Biblical Archaeology Icon

Institute for Biblical & Scientific Studies

Site Map | Contacts | Links | Newsletter |  

Biblical Archaeology:
Garden of Eden

In order to locate Eden one must understand the ancient words being used. The "source" or "head" of the river is what we would call the "mouth" of the river (Hess & Tsumura, 1994, 178-9). Therefore all four rivers would empty into the Persian gulf. The Tigris and Euphrates rivers are easy to locate. Speiser identifies the possibilities of the other two as the Gihon=Diyala, Kirkha, or Kerkha and Psihon=Kerkha, Karun, or Wadi er-Rumma respectively (Ibid., 181, Map and more information at Lecture 3: Ancient Mesopotamia). If Gihon is identified with Kerkha, then the rivers of Eden are listed in an east to west direction, and the Pishon would be the Karun river in Elam. If Eridu may be equated with Eden then the Garden would be just east of Eridu where a branch canal produced abundant crops (Fischer 1996, 222). It should be noted that back then the Persian gulf would have been extended all the way back to Eridu and Ur.

There is another new identification of the river Pishon with the Wadi Batin that was seen from satellite photos. Wadi Batin is a dried up river, but at one time it would have connected with the Tigris and Euphrates Rivers. See Has the Garden of Eden been located at last? for photos and details. This is a very good possibility. The Gihon would then be identified with the Karun river in Elam.

Some think the Hebrew word "Eden" is from the Sumerian word "edin" meaning "plain" and its Akkadian equivalent is edinu (Fischer 1996, 223) which refers to the land between the Trigris and Euphrates Rivers.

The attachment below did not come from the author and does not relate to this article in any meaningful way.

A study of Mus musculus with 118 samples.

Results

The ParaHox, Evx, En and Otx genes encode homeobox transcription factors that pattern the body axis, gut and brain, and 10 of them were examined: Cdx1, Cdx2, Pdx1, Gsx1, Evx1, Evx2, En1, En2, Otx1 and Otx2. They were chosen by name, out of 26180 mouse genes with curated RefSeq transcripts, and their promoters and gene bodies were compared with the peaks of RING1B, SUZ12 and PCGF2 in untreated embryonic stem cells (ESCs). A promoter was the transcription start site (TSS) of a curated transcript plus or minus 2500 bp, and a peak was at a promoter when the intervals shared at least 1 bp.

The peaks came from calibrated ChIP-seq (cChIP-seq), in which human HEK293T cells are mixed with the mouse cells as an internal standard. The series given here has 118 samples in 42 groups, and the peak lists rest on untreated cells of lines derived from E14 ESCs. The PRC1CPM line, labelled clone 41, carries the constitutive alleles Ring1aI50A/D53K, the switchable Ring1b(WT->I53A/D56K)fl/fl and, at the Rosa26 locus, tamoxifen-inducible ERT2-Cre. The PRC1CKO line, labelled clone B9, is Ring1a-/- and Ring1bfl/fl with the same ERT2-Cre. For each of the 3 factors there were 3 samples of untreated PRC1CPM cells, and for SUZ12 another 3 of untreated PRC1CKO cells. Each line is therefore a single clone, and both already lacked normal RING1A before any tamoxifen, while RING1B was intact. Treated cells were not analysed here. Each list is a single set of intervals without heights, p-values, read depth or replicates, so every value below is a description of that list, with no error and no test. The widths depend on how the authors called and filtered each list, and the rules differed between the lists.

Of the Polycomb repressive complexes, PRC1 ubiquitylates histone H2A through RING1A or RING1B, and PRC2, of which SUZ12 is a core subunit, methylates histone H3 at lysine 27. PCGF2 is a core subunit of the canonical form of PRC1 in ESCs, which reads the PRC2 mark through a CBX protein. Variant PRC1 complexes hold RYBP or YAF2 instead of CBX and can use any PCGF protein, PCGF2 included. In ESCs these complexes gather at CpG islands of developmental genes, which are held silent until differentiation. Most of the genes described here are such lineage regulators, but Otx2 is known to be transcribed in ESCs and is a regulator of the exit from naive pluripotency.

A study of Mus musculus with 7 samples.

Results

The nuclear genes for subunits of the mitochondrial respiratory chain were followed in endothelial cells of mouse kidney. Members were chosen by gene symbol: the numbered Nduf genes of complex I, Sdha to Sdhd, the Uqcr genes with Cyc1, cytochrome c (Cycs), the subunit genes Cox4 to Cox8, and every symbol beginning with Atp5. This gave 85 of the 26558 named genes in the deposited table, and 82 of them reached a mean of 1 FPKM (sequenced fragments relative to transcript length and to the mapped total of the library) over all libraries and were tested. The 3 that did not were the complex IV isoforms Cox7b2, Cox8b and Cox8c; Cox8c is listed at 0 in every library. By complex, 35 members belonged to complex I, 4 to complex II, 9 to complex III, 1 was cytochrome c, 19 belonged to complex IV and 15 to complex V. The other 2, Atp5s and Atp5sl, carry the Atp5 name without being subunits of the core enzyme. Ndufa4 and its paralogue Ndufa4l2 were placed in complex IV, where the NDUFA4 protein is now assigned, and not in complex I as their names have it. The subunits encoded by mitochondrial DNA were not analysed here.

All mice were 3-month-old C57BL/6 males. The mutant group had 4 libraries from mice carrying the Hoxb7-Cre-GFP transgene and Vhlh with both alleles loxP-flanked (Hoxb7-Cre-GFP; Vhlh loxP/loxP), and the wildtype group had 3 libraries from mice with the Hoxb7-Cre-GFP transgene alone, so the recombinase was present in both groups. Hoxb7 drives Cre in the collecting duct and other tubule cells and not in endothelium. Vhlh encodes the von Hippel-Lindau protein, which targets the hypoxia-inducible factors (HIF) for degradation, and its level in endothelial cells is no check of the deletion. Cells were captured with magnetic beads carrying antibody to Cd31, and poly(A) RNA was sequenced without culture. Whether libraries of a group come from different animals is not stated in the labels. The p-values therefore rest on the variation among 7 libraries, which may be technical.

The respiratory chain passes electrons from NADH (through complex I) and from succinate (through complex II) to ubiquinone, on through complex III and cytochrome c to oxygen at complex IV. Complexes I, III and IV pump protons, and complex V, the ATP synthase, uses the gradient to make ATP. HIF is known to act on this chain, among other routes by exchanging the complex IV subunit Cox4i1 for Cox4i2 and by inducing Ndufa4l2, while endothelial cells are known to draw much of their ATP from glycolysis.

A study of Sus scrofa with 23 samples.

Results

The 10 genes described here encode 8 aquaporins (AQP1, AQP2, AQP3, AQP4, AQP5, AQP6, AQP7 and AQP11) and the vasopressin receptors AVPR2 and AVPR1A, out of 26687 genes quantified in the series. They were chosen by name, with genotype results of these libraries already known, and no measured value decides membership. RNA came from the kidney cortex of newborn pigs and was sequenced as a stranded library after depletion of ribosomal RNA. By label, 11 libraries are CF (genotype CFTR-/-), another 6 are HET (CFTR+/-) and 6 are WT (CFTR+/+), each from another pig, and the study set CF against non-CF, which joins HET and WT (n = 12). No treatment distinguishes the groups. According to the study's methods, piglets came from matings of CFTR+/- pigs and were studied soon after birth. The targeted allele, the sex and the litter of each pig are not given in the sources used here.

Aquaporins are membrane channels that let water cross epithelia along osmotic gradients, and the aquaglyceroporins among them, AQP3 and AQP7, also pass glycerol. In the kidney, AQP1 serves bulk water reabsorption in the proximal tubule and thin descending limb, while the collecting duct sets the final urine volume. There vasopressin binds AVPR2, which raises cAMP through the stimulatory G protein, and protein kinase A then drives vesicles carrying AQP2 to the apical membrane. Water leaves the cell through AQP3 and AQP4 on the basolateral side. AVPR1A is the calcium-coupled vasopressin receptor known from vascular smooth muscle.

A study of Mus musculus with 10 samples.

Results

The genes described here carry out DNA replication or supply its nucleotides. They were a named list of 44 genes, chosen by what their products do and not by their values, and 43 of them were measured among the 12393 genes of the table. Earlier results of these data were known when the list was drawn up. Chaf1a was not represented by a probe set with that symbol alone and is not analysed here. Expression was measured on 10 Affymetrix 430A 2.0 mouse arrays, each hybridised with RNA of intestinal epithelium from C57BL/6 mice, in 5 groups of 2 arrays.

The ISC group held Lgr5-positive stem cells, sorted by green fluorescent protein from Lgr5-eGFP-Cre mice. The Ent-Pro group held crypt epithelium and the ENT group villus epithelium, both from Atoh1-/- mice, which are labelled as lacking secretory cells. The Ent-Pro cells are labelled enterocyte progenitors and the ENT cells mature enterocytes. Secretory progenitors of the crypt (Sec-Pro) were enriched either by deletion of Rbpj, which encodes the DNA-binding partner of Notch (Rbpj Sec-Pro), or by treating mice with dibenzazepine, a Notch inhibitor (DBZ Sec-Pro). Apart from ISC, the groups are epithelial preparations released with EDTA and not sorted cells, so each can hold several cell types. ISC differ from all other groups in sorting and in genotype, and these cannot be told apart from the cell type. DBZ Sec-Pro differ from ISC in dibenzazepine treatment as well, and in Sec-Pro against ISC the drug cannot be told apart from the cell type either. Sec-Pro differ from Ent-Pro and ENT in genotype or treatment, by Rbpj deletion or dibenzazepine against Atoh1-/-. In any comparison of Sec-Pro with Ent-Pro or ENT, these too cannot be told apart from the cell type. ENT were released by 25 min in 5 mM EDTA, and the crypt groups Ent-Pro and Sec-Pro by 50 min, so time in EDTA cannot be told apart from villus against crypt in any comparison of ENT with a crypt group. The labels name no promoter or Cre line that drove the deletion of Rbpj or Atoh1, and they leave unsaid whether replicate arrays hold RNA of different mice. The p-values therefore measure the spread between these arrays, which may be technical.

Other scholars equate the garden of Eden with the similar description of ancient Dilmun. See Tombs of Dilmun . Dilum was probably the island Bahrain in the Persian gulf. There is a Sumerian story entitled Enki and Ninhursag which describes a paradise similar to Eden only it is called Dilmun. It says:

The land Dilmun is pure, the land Dilmun is clean; The land Dilmun is clean, the land Dilmun is most bright. In Dilmun the raven utters no cries, The ittidu-bird utters no the cry of the ittidu-bird, The lion kills not, The wolf snatches not the lamb, The sick-eyed says not "I am sick-eyed," The sick-headed (says) not "I am sick-headed," Its old woman (says) not "I am an old woman," Its old man (says) not "I am an old man," He filled the dikes with water, He filled the ditches with water, He filled the uncultivated places with water. The gardener in the dust in his joy (ANET 1969, 38-9).

The geography surrounding Eden seems to be the same before the flood as well as after the flood. The same rivers and mountains are mentioned. This seems to indicate that Noah’s flood was local. There is an excellent article on this by John Munday Jr entitled Eden’s Geography Erodes Flood Geology (Westminster Theological Journal 58:1. 123-44, 1996).